Actress Grace Kelly Reflects on the Life & Legacy of JFK in an Artfully Animated Video

On the eve of the 50th anniversary of the John F. Kennedy Assassination, Blank on Blank has released another one of its distinctive animated videos. This one features Grace Kelly, the glamorous American actress and Princess of Monaco, contemplating her personal encounters with JFK, the heady days of Camelot, and the legacy of America’s 35th president. When asked whether the president died in vain on that day in Dallas, she offered these eloquent words:

Well, it might not seem so today, but I, for one, cannot believe that a man of Mr. Kennedy’s stature and achievements was put upon this earth for no other purpose than to stop an assassin’s bullet, or that the lesson will be wholly lost. It is only since the twentieth century that the majesty of Abraham Lincoln has been appreciated. I believe that God allows these certain tragedies to happen in order to emphasize the man and his achievements and to inspire those who follow to have the strength and the will to accomplish his unfulfilled dreams.

This interview was recorded on June 19, 1965, as part of an oral history project designed to preserve the memory of the late president. The project recorded interviews with people from all walks of life–from bus drivers to Leonard Bernstein–but, as David Gerlach, founder of Blank on Blank explains to us, few people have heard these recordings over the years. Now, however, a Boston-based radio project has turned them into an hourlong radio documentary called We Knew JFK: Unheard Stories, and it’s available online here.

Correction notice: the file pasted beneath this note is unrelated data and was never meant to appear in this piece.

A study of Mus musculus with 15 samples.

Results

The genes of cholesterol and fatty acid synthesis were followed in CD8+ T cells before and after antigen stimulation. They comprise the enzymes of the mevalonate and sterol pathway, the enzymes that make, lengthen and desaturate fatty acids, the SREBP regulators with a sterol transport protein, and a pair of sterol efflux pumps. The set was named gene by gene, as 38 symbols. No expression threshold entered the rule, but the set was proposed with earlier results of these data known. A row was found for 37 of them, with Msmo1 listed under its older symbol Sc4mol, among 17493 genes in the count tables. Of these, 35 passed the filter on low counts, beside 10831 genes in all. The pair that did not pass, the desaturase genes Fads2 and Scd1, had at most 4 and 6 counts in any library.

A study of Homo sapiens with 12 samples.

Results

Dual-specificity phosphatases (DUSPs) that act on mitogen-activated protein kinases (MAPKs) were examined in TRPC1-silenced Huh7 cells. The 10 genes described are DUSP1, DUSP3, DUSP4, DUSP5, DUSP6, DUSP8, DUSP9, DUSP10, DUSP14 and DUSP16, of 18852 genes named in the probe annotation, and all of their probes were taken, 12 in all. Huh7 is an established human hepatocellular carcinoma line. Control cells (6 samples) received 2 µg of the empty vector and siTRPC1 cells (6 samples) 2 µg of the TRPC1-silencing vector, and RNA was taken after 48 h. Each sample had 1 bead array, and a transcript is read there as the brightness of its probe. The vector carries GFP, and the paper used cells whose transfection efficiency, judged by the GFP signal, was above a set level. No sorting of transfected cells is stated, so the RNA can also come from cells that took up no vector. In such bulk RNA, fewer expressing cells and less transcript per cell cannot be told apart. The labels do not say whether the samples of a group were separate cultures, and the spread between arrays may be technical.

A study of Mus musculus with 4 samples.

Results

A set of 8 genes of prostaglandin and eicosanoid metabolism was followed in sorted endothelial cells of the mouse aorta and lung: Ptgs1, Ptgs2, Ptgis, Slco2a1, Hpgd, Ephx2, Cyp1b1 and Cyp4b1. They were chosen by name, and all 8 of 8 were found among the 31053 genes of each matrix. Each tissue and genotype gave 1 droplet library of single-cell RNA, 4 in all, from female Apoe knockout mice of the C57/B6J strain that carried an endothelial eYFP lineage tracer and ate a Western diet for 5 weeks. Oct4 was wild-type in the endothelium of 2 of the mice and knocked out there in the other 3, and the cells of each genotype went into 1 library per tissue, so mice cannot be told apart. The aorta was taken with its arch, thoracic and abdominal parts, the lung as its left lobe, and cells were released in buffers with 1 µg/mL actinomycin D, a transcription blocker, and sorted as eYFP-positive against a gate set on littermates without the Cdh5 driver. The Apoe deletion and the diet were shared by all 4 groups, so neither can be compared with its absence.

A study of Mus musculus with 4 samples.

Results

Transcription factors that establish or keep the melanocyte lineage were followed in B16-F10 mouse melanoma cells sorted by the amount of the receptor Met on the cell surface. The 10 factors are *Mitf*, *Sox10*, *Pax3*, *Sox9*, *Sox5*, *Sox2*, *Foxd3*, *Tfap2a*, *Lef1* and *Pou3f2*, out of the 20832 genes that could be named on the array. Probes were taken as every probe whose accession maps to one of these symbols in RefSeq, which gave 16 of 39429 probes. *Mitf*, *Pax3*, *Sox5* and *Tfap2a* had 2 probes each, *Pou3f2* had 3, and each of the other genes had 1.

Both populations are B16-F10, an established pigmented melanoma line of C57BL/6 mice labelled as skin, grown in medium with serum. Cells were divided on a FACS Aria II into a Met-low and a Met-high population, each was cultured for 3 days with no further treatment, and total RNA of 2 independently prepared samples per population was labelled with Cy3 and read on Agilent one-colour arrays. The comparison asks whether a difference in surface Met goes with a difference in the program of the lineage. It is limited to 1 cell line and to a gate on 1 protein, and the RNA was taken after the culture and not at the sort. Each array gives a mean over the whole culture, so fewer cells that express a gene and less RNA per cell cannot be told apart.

You can read a transcript of the Grace Kelly interview courtesy of the John F. Kennedy Presidential Library & Museum.

Related Content:

Kurt Vonnegut to John F. Kennedy: ‘On Occasion, I Write Pretty Well’

Watch Janis Joplin’s Final Interview Reborn as an Animated Cartoon

Marshall McLuhan on the Stupidest Debate in the History of Debating (Nixon v JFK)

by | Permalink | Comments (0) |

Support Open Culture

We’re hoping to rely on our loyal readers rather than erratic ads. To support Open Culture’s educational mission, please consider making a donation. We accept PayPal, Venmo (@openculture), Patreon and Crypto! Please find all options here. We thank you!

Leave a Reply

Open Culture was founded by Dan Colman.